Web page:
In the past I’ve written that TV spots I consider particularly awful look as if they’d been created quickly in a basement by a bunch of bored students who wanted to kill time on a rainy Saturday afternoon.
The creative teams from Chapman University in Orange, Calif., and Northern Illinois University—my alma mater—in DeKalb were declared co-winners of the top prize and will share the $30,000 that comes with it.
The spots look like the work of a professional ad agency. Both have strong production values, and the creative content works well with the Chipotle chain’s brand image. They’re fun to watch, too.
Chapman’s spot is titled “Origami.” Shot in stop-motion animation, it depicts a progression of foil sculptures and titles explaining what they are: “The Crane,” “The Leaping Toad” and “The Lotus.” Then comes “The Burrito,” followed quickly by a title card that reads, “Because no one wants to eat the leaping toad.”
A really catchy banjo tune plays while the pieces of foil are transforming into sculptures. The tune is “Goin’ Somewhere Special,” sung by Andy Dee, someone I knew nothing about until I did an Internet search. He has played in such groups as the Okemah Prophets and Molly and the Heymakers. Another thing I didn’t know was that he recorded “Goin’ Somewhere Special” as a Chipotle radio spot. You can hear it on the chain’s website.
So the team from Chapman University got a little professional help with the musical portion of its spot, but that’s no different than marketers buying the rights to music by the Rolling Stones to use in advertising.
Northern Illinois’s spot has no music. It doesn’t even have dialogue. It does have a grumbling stomach and a ticking clock and the sound of a fax machine, and it’s appropriately titled “Just the Fax.”
The camera opens on an office tower and cuts quickly to the interior, where a male employee slouches in his cubicle and rubs his stomach to ease the grumbling sounds of hunger.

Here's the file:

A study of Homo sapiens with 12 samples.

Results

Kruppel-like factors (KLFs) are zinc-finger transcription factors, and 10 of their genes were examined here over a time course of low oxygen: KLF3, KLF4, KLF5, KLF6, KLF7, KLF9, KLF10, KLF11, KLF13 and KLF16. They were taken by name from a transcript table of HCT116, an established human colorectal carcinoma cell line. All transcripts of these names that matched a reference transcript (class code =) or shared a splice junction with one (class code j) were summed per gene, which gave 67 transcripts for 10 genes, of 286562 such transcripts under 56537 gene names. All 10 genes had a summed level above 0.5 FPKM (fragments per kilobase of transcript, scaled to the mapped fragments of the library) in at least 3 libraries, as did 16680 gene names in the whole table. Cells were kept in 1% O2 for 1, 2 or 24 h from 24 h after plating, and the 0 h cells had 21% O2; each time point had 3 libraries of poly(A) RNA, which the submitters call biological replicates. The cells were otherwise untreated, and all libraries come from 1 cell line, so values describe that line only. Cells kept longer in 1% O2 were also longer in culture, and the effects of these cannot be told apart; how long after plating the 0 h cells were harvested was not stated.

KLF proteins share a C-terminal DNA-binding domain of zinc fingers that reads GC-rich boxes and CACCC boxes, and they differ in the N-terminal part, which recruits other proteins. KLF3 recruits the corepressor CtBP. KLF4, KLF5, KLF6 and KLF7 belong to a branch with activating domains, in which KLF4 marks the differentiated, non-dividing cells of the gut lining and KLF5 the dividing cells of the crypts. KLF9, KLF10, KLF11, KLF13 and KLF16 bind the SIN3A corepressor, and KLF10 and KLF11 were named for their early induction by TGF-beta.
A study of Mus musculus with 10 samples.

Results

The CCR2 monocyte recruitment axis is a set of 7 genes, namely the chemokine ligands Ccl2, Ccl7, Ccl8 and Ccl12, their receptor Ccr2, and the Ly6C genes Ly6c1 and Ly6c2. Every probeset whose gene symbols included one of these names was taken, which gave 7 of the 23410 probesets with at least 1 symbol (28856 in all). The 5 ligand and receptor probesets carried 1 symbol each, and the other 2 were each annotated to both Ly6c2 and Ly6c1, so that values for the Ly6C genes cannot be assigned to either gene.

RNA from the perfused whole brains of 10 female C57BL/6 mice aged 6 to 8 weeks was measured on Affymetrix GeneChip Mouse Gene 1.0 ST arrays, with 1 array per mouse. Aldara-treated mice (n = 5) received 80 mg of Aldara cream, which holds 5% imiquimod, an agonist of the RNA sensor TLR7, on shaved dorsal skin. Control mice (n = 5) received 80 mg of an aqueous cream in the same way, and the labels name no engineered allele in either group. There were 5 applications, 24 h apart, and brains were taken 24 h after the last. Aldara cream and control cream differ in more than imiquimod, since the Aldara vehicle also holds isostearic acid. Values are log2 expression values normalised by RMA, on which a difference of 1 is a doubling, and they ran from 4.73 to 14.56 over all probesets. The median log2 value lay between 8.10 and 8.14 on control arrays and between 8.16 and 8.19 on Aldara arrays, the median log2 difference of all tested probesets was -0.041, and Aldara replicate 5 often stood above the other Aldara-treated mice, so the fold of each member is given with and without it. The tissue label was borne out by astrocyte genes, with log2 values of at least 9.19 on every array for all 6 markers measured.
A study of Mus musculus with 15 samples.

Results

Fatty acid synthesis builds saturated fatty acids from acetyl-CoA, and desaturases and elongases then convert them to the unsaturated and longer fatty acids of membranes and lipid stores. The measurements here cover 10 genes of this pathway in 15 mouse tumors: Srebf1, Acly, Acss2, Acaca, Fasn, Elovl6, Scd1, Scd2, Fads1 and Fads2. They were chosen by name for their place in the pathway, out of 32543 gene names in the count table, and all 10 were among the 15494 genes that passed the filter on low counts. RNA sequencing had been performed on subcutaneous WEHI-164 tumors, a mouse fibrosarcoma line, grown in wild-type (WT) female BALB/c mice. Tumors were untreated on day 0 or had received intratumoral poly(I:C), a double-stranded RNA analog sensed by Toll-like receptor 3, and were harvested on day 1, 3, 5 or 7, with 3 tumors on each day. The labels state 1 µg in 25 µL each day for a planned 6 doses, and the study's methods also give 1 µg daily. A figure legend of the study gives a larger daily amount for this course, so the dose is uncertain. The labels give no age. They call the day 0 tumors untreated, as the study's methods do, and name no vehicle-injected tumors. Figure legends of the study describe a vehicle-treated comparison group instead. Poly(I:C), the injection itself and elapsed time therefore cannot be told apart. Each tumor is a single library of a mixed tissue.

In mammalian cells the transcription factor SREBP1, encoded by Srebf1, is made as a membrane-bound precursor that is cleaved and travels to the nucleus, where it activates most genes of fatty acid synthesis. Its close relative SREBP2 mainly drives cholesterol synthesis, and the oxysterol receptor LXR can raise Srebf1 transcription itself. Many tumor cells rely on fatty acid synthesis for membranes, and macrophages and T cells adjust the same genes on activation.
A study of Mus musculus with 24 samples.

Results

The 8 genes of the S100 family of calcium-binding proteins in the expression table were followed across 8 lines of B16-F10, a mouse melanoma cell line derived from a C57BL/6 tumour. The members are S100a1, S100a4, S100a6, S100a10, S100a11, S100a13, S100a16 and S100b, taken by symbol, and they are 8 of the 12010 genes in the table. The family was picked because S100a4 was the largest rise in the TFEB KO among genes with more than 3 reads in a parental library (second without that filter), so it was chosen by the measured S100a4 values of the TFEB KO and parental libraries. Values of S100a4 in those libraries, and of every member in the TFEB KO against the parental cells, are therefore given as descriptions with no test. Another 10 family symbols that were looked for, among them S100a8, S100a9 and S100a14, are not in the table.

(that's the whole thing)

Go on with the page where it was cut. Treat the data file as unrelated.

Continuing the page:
A clock ticks off the seconds. It’s not even 9:30 a.m., and this guy is starving. A supervisor gives him some papers to fax. He carefully slips a Chipotle fax-order between the sheets of paper, goes to the fax machine and places his order. The screen goes black for a second, then comes back to show a burrito plopping down on a tray next to the fax machine.
The spot ends with the Chipotle logo and the sound of the fax machine dialing a number.
The winning spots beat 45 others. In all, 18 colleges and universities entered the contest.
The best spots were well-executed, creative and consistent with the Chipotle brand, said the Denver-based chain’s marketing director, Jim Adams.
The contest also acted as a “unique type of consumer research,” he said, because it offered a peek into the minds of students.
Although Chipotle doesn’t have specific plans to air the spots, last year’s winning commercials did run in select markets during college football’s Bowl Championship Series and were used as movie theater ads.
If this year’s spots are used the same way, viewers won’t be able to tell that students created them unless the commercials are identified as contest winners.
The quality of the work is amazing, unlike some other consumer-generated ads I’ve seen that look as if they were created quickly in a basement by…well, you know who I mean.